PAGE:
One Night at the Penthouse Suite
Cora Ciacho’s father raised her from childhood to take over the Ciacho Group mega-corporation, but since his passing, things haven’t been going well. Her board of directors is scheming, she’s at odds with her mother and sister, and someone’s spreading corporate rumors. It’s not a great time for her boyfriend, call-center manager Stephen Cruz, to realize he’s having more trouble than he expected adjusting to being lower-class in Cora’s world, and lower status in their relationship. Want a book that takes some of the escapist luxury and corporate skullduggery of a Harlequin Desire, but flips genders to give you a competent boss heroine and a kind, supportive hero? Spend a night at the penthouse with Cora and Stephen.
I always enjoy stories featuring characters negotiating the realities of an existing relationship (instead of the more-common courtship stories). Cora and Stephen have been dating for some time when her father passes away, and it’s the transition to CEO Cora that the two have to address. I liked that they talk explicitly about their challenges, and that these conversations are difficult without being contrived or histrionic. Stephen’s voice in particular feels authentically that of a shy man who struggles to put thoughts into words – and who’s been pulling too many night shifts to be at his best. I appreciated that Mori puts as much time and effort into Stephen’s workplace as Cora’s. It’s one thing for the author to SAY that Stephen is valuable, and his job matters as much as Cora’s; it’s another to SHOW it the way she does by informing the reader about his career managing logistics.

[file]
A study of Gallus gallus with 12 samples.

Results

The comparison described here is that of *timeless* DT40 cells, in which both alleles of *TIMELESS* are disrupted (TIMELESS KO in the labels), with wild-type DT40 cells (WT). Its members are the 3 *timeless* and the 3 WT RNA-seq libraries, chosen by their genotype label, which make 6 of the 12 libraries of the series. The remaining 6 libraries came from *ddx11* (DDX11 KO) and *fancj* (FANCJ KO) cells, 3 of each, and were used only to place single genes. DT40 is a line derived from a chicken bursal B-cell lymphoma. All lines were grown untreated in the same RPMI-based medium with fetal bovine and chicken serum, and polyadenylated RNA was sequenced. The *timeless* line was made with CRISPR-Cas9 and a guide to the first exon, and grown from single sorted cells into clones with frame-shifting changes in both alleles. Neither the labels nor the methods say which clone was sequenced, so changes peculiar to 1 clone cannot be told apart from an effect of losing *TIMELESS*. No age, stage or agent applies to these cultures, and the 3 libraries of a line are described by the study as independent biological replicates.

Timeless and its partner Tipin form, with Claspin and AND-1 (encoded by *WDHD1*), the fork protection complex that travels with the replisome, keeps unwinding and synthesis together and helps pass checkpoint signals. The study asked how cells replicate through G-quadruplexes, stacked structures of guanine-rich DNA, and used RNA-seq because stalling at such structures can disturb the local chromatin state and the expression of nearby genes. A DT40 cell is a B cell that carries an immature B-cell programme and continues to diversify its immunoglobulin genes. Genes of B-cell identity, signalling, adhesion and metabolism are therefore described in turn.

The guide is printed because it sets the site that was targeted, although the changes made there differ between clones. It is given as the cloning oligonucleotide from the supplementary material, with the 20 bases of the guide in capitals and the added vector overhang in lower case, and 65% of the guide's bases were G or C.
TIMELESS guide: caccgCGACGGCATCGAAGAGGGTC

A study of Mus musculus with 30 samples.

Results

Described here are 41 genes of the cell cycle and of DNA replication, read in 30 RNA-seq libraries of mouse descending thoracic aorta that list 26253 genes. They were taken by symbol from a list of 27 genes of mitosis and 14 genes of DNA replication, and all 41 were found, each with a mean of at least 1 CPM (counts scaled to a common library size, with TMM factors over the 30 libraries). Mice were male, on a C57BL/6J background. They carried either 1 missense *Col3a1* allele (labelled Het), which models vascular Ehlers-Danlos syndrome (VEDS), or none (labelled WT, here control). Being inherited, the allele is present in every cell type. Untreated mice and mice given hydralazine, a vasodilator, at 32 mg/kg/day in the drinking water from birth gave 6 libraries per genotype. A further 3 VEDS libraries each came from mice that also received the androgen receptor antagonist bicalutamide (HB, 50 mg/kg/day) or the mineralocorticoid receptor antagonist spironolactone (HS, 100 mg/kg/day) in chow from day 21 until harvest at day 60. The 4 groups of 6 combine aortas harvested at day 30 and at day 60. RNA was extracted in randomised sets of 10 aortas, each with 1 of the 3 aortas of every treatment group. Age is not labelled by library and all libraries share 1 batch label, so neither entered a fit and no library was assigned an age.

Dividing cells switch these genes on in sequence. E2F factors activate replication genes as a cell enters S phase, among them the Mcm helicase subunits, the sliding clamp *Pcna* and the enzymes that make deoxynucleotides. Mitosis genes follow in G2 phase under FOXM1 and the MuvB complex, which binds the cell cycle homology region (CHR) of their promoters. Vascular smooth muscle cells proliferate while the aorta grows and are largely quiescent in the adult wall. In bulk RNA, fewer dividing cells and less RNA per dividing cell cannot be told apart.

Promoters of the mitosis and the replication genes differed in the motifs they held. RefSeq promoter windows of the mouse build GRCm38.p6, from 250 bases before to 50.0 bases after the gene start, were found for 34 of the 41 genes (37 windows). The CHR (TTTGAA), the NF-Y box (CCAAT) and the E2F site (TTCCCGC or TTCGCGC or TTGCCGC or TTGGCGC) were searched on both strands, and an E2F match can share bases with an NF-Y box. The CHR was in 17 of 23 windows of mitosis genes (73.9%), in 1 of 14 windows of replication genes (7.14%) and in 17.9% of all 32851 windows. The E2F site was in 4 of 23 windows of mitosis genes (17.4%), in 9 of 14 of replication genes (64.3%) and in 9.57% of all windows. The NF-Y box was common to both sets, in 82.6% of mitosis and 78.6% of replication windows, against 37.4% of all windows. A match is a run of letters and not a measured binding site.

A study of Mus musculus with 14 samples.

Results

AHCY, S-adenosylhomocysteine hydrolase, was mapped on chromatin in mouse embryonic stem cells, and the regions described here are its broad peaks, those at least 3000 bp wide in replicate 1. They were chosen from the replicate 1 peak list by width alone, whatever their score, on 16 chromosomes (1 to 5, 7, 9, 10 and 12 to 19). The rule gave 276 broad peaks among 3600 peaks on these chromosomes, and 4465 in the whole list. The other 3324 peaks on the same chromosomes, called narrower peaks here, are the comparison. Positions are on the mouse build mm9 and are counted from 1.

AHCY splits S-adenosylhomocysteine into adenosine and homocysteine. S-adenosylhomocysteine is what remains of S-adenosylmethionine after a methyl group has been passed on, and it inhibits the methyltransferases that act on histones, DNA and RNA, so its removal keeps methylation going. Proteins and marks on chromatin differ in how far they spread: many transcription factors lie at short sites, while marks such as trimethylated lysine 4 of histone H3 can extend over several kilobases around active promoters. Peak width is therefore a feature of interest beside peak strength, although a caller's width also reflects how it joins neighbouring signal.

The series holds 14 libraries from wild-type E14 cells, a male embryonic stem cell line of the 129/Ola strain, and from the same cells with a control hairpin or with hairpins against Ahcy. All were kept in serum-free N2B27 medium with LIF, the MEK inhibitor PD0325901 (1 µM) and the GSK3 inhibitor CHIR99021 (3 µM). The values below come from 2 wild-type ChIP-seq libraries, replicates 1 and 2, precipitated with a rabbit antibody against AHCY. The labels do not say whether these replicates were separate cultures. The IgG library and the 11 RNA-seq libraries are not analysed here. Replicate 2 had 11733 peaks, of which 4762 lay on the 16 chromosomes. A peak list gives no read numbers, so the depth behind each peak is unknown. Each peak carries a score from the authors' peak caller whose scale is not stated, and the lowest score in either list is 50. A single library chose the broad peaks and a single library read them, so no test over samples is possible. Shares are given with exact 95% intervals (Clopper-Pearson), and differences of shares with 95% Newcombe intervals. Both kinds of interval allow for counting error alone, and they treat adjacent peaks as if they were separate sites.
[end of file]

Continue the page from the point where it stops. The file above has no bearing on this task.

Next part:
The corporate setting is well-developed. Cora’s company is a megacorp – it has a discount airline, an online payment service, midmarket retail, and so forth, with the last providing the most urgent question of Cora’s new reign: should she authorize an expansion for retail into Southeast Asia?
The secondary female characters are excellent. The author cleverly sets us up to disregard them the way the male world of business does, before demonstrating the value of their contributions. Soft skills, social networking, and steady performance are just as important as boardroom grandstanding. Cora learns that she needs to do more than imitate her father – not only will it not work for her, but it wasn’t as perfect for him as she believes.
Mori delivers strong prose, and her sex scenes are spicy and enjoyable. The escapist depictions of the world of the ultra-rich, from the resorts to the spas, are exactly what I hoped for. I love how Cora’s sister discriminates against brands like Louis Vuitton for being too accessible, and her mother has a snit over not chartering a plane to the island they’ve rented for her birthday.
What held this one back from reaching DIK status? A weird coincidence is necessary to save the day late in the book. I wanted more about Stephen coming to terms with being the lower earner and the less-renowned individual in his relationship. I also felt that the scenes set in India are travelogue-y. (I understand that the author was writing for a Filipino audience and wanted to present India as a destination, but as someone who is foreign to both India and the Philippines, I preferred her straightforward characterization of the Philippines to her guidebook narration of India). And finally, I’m the sort of person who has a lot of trouble with secondhand embarrassment, so reading Stephen’s experiences in the first half of the book was definitely uncomfortable for me.
Overall, this is a great follow-up to Mori’s One Night stories, and well worth the current $1.99 price tag. I will definitely keep watching this author – and I hope Harlequin Desire takes a close look at her, too!